Just in the nick of time, Mother Nature is going to deliver a proper, wintry storm.
According to our Welove2ski’s latest snow forecast, there will be heavy snow tomorrow in the French Alps, and across parts of Switzerland, Italy and Austria too. 75cm could fall on the Mont Blanc massif, above Chamonix, and on Les Deux Alpes, south of Grenoble. Passo Tonale in Italy could even see a metre. In many other areas 30-50cm of the white stuff are expected.
Generally, Austria is expecting lighter snowfall. However, by the end Thursday, the Arlberg resorts of St Anton and Lech-Zurs should have done well – along with ski areas lining the Italian border such as Obergurgl, and the resorts of the East Tirol.
Here’s tomorrow’s snow map. In terms of the quantity of snowfall expected, and its extent, it’s one of the best-looking maps we’ve seen this season. Let’s hope the day lives up to its billing.
Of course, while the snow’s falling, conditions on the slopes will be tough, thanks to poor visibility and high winds. Expect lift closures, and a rapidly increasing avalanche risk. Off-pisters should hire a guide and pay close attention to the detail of local avalanche risk assessments if they want to tackle the fresh powder.
It looks as though the snow will continue to fall in the northern Alps until Thursday, favouring the resorts of France and Switzerland. Then, a short thaw is expected, with the chance of another, lighter dose of snow on Saturday and Sunday.
As I said, the white stuff will be very welcome. Admittedly, there was light snow above about 1500m across the northern Alps on Friday. St Anton reported 20cm on its highest peak, the Valluga, and there was enough on sheltered slopes in Lech-Zurs, next door, to cushion some lovely powder turns on Saturday.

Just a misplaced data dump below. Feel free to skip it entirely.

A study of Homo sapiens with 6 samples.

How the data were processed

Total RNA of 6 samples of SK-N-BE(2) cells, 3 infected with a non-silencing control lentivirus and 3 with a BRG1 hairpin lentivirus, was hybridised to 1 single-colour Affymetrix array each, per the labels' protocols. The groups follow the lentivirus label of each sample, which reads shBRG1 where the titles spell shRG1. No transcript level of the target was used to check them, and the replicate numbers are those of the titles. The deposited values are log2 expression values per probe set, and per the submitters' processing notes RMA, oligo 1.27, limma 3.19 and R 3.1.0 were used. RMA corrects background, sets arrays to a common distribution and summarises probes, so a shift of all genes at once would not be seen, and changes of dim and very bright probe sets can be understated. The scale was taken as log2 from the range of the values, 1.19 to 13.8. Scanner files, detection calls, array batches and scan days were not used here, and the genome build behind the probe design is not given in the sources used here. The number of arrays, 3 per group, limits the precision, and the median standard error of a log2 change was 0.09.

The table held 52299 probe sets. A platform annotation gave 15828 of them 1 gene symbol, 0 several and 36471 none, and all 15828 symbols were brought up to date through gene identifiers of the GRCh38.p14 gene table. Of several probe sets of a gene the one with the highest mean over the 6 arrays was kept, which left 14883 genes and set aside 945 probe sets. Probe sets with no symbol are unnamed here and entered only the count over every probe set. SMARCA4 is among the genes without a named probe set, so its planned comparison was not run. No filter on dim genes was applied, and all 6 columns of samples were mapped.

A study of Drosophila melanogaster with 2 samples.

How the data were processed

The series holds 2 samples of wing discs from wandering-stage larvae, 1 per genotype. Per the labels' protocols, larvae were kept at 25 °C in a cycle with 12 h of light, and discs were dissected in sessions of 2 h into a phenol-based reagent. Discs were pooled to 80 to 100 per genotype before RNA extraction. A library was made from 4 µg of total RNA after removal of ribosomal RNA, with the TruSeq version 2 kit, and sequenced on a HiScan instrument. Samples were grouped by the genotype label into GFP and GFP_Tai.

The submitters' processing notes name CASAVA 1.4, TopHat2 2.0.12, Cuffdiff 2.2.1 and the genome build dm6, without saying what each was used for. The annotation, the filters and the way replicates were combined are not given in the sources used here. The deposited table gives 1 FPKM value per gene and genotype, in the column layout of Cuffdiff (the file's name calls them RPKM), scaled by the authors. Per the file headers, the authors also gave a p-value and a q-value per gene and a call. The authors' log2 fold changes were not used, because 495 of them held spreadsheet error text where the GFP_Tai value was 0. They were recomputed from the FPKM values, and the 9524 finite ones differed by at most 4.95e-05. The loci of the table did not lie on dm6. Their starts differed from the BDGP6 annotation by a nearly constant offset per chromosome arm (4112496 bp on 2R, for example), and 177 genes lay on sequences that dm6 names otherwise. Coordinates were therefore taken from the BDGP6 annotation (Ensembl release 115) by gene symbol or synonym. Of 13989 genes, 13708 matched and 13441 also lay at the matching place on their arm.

But generally only 5-10cm fell elsewhere, and after two weeks of mild temperatures, a substantial top-up is sorely needed. Spring conditions are the rule below 2500m, and below 2000m on the sunniest slopes the cover off-piste is threadbare. The valley runs in the lower resorts are now ribbons of white against the grass. Thank heavens for the coming storm.
Here’s a quick squizz at the mountains today. It’s another mild one: with the freezing point up around the 2500m mark.
Pictured below is the top of Courchevel, in the Three Valleys, where the snow is currently 74-122cm deep.
Pictured below is how it’s looking in Serre Chevalier, where the snow is 20-140cm deep.
This is Val d’Isere, where the snow is 87-180cm deep, on piste.
This is the scene in Kuhtai today, in Austrian Tirol, where the snow is 68-78cm deep.
Pictured below is Ischgl, also in the Tirol, where the snow is 85cm on the higher pistes.
And this is one of the pistes above Canazei in the Italian Dolomites. On piste, the snow here is 15-60cm deep.
Meanwhile, in North America…
The resorts of California and Utah were hit by yet another epic storm last week, in what has been an extraordinary winter. The upper slopes of Squaw Valley, near Lake Tahoe in California, had more than 4 feet (122cm) of snow last week. Opening up the mountain in the aftermath wasn’t easy: but here’s how it was looking on Thursday.
And this is how it looked in Snowbird, Utah on Friday, at the tail end of a storm which dropped 130-odd cm of snow on the resort.
Now, another weather front has brought snow to the northern end of the American Rockies, and will move down into Colorado and Utah today. 15-40cm is expected from this one – after which high pressure will take over, and along with rising temperatures. Local skiers will need to get to the powder quickly: before the sun affects the quality of the cover.
North of the border, it’s been drier (yesterday, Whistler reported a modest 17cm of new snow in the past week). But Wednesday to Friday should bring more of the white stuff to the resorts of the Canadian west.